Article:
Apple’s iOS is much more popular than Google’s Android when it comes to m-commerce usage in the US.
According to Arbitron Mobile, a market-research firm, 67.5 per cent of iPhone customers among its US smartphone panellists used mobile apps for commerce. That compares with 43.9 per cent of Android users who do the same.
What’s more, iPhone users spend much more time using mobile commerce apps than their Android counterparts. From the smartphone panellists canvassed by Arbitron Mobile, iPhone users notched up an average of 105.3 minutes of m-commerce usage per month. Android users logged 87.6 minutes.
iPhone users also take more virtual shopping trips, clocking up 35 sessions per month versus Android users’ 29.5 sessions.
Arbitron Mobile further finds that eBay is the most popular m-commerce app overall, with 14.3 per cent of the research firm’s sample having used it. Amazon Mobile (13 per cent) and Groupon (11.1 per cent) are the next popular.
Apple’s Passbook app claimed fourth spot, used by 8.1 per cent of Arbitron Mobile’s survey sample. The wallet app is designed for loyalty cards, tickets and coupons, so essentially serves as a portal for other mobile commerce apps.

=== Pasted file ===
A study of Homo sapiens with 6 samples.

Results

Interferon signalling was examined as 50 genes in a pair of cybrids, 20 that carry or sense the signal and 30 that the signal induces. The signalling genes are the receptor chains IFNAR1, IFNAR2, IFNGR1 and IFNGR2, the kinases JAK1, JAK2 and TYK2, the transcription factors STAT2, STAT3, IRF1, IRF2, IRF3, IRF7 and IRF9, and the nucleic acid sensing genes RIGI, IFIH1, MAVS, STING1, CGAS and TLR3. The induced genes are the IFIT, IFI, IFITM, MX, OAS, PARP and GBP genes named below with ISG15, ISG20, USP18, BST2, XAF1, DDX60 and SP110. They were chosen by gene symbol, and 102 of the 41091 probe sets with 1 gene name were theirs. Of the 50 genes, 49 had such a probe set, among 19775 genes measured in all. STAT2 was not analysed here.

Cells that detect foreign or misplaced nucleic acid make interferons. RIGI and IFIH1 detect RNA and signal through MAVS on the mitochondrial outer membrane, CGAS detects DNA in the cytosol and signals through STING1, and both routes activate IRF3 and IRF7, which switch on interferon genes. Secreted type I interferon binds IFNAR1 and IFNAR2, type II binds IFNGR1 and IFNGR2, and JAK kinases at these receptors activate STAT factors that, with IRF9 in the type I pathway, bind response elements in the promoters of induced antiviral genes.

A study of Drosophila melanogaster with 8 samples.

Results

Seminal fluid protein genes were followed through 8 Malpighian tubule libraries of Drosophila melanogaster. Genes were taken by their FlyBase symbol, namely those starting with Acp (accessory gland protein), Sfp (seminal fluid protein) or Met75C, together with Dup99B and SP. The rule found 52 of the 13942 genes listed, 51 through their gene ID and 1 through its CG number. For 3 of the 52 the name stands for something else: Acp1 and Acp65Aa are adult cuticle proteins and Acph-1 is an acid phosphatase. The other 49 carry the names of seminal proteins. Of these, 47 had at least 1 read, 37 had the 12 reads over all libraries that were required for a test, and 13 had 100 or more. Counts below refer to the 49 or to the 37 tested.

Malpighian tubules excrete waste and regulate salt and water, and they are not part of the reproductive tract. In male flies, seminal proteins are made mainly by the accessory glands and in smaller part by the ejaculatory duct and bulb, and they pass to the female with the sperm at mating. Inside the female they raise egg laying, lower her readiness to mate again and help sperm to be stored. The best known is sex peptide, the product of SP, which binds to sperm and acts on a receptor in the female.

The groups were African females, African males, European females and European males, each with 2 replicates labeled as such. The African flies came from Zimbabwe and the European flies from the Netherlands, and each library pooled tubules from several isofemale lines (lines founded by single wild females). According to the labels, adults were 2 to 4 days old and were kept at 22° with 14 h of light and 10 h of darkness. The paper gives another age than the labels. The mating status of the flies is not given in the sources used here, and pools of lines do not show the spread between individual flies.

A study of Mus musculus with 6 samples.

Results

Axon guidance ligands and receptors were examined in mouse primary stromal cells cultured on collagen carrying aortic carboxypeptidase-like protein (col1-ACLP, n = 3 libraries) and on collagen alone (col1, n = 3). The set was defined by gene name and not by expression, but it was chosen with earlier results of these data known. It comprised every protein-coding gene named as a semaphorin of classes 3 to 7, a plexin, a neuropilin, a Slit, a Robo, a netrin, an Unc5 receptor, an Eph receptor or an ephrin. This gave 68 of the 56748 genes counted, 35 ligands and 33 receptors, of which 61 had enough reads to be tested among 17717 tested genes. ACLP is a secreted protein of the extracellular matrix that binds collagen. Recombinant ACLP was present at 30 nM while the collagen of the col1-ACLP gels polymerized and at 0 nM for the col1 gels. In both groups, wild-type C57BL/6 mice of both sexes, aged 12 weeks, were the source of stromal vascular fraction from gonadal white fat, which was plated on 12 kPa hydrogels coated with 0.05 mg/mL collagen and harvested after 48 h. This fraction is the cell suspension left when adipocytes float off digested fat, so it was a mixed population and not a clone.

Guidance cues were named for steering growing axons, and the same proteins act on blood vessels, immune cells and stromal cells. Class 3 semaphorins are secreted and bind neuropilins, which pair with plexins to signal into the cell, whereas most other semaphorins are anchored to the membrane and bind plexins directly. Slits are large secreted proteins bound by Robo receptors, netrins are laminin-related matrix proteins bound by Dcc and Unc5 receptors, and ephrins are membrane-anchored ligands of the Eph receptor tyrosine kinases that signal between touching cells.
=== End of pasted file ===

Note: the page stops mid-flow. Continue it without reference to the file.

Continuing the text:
Consequently Passbook attracted far less average time in usage, and far fewer sessions, than apps that include the ability to search for something that can be bought. For instance, users spent an average of two minutes per month on Passbook compared with ten times that figure for third-placed Groupon. Also, Passbook averaged only 2.6 sessions per month (compared to 9.1 for Groupon).
The top three web domains for smartphone commerce are Amazon (used by 34.7 per cent of panellists), Google (28.4 per cent) and eBay (18 per cent).
Although web domains are accessed far more than specific mobile apps, whether directly by browser or as a consequence of app usage, the time spent on web domains (and the average number of sessions each month) is “significantly smaller” says the research firm.
Arbitron Mobile conducted its survey in February.